The committee that does so much to keep Kentlands beautiful

Kentlands Darnestown Rd. & Tschiffely Sq. Rd. entrance

Our Environmental Management Committee, or EMC, has contributed a lot to Kentlands in recent years. Its work is ubiquitous, highly visible, and yet often unknown, a combination that seems unlikely but is true, nonetheless, because the results are so familiar. Take the annual flowers that appear each spring, summer and fall in the flower beds at the major entrances to our community: the EMC works with our landscaping contractor to find the mix of plants that will keep our community looking bright and beautiful as soon as someone enters it.

The EMC (Diane Faulkner, Charlie Green, Susan Moran, Paul Shields, Larry Dildine, Dean Roy and Glen Palman with Steve Longley as the Board Liaison) works primarily in the late-winter, spring, summer, and early-fall as needs are identified, landscaping plans are made, work is performed, and results evaluated. It is again meeting monthly after a winter “vacation.”

Landscape remediation on Quince Orchard Rd.

The EMC’s biggest task in recent memory was the remediation of the landscaping “between the walls” along Quince Orchard Road when the structural repairs were complete. This was not a simple job. The Kentlands Citizens Assembly (KCA) had promised the City of Gaithersburg that we would replace the almost 100 trees that had to be removed so that the work could be done but engineering evaluations showed that a part of the damage to the wall had been caused by those very trees and where they had been located. It was not an unimportant job, either, as the wall complex and landscaping are among Kentlands most visible locations and the landscaping was the final step in transforming the wall from the embarrassment, and near disaster, of collapse into a positive branding opportunity. The EMC, working with our landscaping contractor, Community Landscaping Services, rose to the challenge with an excellent, yet affordable, solution.

Rose walk

Much of the EMC’s current work is tied to tracking our community’s landscaping maintenance needs. For example, the plantings along many of our sidewalks and stairways belong to the KCA. These range from azaleas along a sidewalk off Ridgepoint Place to rose bushes along the Rose Walk. After twenty years of beautiful service, many of these plants must be replaced by young ones.

The berm that provides sound deadening and a visual barrier between Darnestown Road and the Kentlands has a slightly different problem: the trees that were young, and short, a quarter century ago are mature and tall now. While their upper sections are healthy, they have few lower branches to provide a barrier so they no longer function as planned. The EMC has a plan for new plantings to provide an undergrowth that will return the berm to its proper function and beautify Beckwith Mews in the process. Phase one is already complete.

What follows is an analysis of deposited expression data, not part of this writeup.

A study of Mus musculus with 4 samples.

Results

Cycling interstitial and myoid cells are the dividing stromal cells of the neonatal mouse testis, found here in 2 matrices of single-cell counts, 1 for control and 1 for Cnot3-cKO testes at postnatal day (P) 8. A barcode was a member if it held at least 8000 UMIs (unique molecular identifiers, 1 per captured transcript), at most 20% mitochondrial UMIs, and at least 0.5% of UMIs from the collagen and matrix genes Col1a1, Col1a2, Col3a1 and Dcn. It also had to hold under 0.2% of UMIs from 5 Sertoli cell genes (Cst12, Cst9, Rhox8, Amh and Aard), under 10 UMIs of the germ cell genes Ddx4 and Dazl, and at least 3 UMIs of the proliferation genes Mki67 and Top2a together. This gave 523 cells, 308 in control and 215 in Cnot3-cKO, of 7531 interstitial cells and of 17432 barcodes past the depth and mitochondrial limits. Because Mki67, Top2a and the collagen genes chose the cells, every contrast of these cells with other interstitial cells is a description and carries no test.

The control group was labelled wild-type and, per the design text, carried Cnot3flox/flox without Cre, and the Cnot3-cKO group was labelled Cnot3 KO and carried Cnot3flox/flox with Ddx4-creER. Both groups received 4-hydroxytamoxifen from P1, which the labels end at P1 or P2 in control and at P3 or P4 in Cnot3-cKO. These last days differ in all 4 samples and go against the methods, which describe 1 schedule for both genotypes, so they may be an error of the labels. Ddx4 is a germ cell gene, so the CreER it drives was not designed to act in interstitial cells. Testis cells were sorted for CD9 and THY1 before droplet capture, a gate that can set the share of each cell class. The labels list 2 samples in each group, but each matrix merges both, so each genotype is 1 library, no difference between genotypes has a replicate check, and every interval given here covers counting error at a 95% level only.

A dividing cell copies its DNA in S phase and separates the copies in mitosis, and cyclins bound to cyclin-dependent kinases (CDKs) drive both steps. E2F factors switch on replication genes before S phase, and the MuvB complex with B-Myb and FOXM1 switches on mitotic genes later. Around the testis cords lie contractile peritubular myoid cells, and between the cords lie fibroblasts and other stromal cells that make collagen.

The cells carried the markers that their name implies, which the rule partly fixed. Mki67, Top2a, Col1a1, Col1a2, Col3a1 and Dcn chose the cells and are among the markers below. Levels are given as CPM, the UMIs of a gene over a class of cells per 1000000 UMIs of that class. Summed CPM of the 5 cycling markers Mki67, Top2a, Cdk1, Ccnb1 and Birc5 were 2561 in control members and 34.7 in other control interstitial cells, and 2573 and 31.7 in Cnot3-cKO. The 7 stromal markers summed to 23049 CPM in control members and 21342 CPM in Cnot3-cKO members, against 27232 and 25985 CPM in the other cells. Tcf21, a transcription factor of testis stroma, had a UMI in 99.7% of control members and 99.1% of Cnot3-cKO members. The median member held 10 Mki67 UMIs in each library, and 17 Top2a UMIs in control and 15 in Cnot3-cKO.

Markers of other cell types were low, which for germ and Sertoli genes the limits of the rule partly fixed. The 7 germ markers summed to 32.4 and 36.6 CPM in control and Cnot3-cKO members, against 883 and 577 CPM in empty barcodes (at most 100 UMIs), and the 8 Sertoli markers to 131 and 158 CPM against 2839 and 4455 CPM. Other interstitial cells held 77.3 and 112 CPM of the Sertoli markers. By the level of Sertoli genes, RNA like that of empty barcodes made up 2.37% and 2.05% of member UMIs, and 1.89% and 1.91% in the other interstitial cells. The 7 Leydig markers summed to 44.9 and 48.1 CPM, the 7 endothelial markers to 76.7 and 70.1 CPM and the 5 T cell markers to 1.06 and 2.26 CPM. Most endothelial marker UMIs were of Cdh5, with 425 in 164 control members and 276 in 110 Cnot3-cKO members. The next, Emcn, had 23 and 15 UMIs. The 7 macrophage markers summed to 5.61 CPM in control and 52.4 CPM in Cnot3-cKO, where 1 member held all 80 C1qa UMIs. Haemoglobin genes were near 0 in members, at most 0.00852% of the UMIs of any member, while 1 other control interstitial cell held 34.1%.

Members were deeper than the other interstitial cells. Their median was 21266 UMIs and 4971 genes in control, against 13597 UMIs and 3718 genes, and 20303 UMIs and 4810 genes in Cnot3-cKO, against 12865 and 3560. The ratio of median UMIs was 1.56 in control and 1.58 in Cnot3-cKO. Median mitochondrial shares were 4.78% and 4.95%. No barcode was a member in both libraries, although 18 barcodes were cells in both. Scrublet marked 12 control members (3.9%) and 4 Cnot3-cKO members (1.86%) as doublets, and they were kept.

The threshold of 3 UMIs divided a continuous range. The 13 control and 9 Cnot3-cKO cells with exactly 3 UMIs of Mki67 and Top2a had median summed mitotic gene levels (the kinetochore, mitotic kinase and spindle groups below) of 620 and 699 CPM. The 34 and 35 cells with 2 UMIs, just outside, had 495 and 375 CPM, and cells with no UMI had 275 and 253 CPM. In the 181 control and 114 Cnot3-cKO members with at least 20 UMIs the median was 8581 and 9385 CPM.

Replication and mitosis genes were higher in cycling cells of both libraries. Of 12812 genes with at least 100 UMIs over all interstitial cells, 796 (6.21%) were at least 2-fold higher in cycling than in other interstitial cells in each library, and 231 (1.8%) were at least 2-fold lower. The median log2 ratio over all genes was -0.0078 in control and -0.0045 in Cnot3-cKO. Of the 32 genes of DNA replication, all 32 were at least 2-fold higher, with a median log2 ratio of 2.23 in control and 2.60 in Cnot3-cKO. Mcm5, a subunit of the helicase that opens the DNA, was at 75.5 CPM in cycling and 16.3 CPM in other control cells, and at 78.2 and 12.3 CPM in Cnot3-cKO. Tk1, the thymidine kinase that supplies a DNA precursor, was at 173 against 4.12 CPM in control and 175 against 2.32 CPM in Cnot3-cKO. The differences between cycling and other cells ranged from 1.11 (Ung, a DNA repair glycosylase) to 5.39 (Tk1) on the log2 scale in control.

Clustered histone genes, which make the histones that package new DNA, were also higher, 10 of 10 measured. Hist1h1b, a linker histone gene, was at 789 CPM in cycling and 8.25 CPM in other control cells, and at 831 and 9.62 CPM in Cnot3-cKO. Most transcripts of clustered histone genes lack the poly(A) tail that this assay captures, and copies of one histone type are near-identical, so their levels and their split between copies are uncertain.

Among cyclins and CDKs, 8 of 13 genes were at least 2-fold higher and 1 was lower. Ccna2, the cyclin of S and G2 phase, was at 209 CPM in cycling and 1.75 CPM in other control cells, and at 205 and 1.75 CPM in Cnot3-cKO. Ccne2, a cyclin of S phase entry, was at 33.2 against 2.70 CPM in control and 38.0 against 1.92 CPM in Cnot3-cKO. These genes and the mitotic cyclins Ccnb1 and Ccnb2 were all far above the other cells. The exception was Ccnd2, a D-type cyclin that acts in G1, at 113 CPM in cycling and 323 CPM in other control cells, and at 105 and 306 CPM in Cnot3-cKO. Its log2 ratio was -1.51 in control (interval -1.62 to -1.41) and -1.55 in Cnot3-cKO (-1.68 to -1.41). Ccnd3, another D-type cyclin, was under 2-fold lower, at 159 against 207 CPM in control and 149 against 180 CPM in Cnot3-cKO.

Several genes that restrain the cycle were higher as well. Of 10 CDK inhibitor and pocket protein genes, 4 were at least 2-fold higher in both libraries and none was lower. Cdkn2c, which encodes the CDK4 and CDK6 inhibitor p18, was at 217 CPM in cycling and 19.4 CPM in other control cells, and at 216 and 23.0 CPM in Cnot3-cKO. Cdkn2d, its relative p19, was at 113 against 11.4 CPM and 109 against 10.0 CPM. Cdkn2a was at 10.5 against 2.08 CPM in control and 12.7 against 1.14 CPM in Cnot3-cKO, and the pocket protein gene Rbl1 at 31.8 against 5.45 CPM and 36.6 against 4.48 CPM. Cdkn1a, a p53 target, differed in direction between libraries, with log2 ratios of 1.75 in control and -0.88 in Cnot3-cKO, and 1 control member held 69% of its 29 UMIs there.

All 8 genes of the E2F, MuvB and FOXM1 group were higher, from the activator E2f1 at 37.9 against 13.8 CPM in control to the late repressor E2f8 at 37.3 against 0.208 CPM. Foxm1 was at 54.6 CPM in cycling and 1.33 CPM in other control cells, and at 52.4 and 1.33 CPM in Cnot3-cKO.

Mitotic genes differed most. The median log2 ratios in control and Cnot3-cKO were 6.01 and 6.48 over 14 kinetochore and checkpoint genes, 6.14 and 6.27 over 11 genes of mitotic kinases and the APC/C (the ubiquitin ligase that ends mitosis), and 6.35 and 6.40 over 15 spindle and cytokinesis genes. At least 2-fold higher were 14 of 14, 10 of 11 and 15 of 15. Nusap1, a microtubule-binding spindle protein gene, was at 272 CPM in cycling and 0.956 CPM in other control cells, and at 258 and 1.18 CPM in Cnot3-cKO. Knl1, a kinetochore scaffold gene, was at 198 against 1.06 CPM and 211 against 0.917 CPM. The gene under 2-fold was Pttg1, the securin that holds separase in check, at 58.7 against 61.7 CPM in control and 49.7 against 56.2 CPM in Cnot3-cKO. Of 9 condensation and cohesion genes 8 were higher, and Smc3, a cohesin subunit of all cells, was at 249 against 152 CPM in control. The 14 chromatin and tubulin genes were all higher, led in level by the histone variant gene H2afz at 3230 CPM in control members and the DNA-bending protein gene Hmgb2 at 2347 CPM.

City and County civic leaders with Kentlands Committee members

Some of the EMC’s work is truly “environmental” in nature. Our Turf Working Group of a few years ago led an effort to shift the Kentlands landscaping processes from “conventional” ones that relied on commercially produced weed control and fertilizer products, products sometimes associated with health hazards, to natural materials and environmentally based processes. The results attracted the attention of Montgomery County and City of Gaithersburg civic leaders and provided the EMC with the basis for our current landscaping contract which emphasizes natural materials and eschews hazardous chemicals on lawns where children play or pets roam regularly.

Curb strip in the Kentlands

Not all of the EMC’s challenges have been overcome quite yet, however. The KCA maintains our community’s curb strips, those narrow bands of (mostly) turf between the sidewalk and the curb, as a courtesy to our homeowners. Many of these areas are problematic for a combination of reasons: a lack of sun; heavy traffic; poor soil conditions; irregular watering at best; and a need for ground cover that does not impede pedestrians are good examples of the challenges curb strip plants face. The EMC has evaluated a number of ground cover plants, including some tested in problematic locations along Chestertown Street, but has not yet been able to identify a suitable solution.

The EMC has done a great deal to keep Kentlands beautiful and to make it better for all of us but its job can never be finished. If you would like to help perform its mission, please contact Barney Gorin to volunteer.